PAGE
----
In people who took medicine to lower blood pressure, those whose blood pressure was reduced to lower than the standard goal also reduced artery stiffness. People who were treated to the standard did not have a change in stiffness.
"Artery stiffness is associated with heart disease and death in people with high blood pressure," says senior researcher Atsuhiro Ichihara, M.D., Ph.D., of the Keio University School of Medicine, Toyko.
Researchers used a measure of vascular stiffness called pulse wave velocity (PWV) to determine if lowering blood pressure using antihypertensive drug treatment would affect aortic stiffness in nondiabetic patients who had high blood pressure. PWV is a velocity measurement, calculated by determining the distance between the brachial artery in the arm and the tibial artery in the ankle, then dividing that by the time it takes a pressure wave to travel between the two locations. It's expressed as centimeters per second (cm/s). "When treating people who have hypertension, it is important to adequately assess whether the therapy is sufficient to prevent future cardiovascular disease," says Ichihara.
Researchers identified 142 patients (65 male, 77 female, average age 67) whose high blood pressure measured about 177/101 millimeters of mercury (mm Hg) but who did not have diabetes, arrhythmias, coronary artery disease or peripheral arterial disease.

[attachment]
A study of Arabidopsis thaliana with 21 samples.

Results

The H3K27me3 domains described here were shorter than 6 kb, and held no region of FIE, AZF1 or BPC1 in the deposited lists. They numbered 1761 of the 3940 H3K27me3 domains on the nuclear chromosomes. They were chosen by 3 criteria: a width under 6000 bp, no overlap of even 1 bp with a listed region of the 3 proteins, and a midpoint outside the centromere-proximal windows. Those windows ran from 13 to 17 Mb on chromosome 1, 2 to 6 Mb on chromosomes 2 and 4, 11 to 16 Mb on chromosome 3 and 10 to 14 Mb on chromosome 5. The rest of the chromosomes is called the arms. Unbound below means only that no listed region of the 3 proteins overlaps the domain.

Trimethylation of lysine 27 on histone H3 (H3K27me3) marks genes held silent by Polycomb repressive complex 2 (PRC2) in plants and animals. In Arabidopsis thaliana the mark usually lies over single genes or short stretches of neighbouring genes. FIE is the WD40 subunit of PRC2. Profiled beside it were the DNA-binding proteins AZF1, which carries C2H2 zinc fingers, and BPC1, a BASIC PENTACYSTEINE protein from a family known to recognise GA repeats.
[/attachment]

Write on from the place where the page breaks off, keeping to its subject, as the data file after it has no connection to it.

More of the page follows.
According to the American Heart Association, high blood pressure (hypertension) is defined in an adult as a systolic pressure (top number) of 140 mm Hg or higher and/or a diastolic pressure (bottom number) of 90 mm Hg or higher. High normal is 130-139 systolic and 85-89 diastolic. Normal blood pressure is less than 130 systolic and less than 85 diastolic.
Patients were randomly assigned to one of two groups: those whose target blood pressure was set for a more intensive reduction at less than 130/85 mm Hg, and those whose target was to reduce blood pressure below 140/90 mm Hg.
For one year, members of both groups were treated with antihypertensive drugs by physicians who were unaware of their PWV levels. The drugs, taken alone or in combination, included calcium channel blockers (taken by 110 patients), angiotensin-converting enzyme inhibitors (53 patients), angiotensin receptor blockers (19), alpha-blockers (21), beta-blockers (22), and diuretics (9).
Over the course of the year, systolic blood pressure significantly decreased to 129 mm Hg for the more intensive 130/85 mm Hg target group. However, the 140/90 mm Hg target group didn't achieve the desired results, showing a more moderate decrease in systolic pressure to only 153 mm Hg.
At the beginning of the study, PWV averaged 1,779 cm/s in the 130/85 mmHg group and 1,891 cm/s in the 140/90 mm Hg group. At the end of follow-up, PWV decreased to 1,621 cm/s in the more intensive target group but did not show a significant change in the less rigorous target group.
"Intensive blood-pressure lowering is most important for the reduction in PWV," says Ichihara. "However, future studies will be needed to confirm which antihypertensive drugs are better for aortic stiffness when blood pressure lowering is achieved."
The team is currently planning placebo-controlled studies to determine the possible benefits of individual antihypertensive drugs on the PWV of hypertensive patients.
Co-authors of the study include Matsuhiko Hayashi, Yukako Koura, Yuko Tada, Nobuhisa Hirota, Takao Saruta, of Keio University School of Medicine, Toyko, Japan.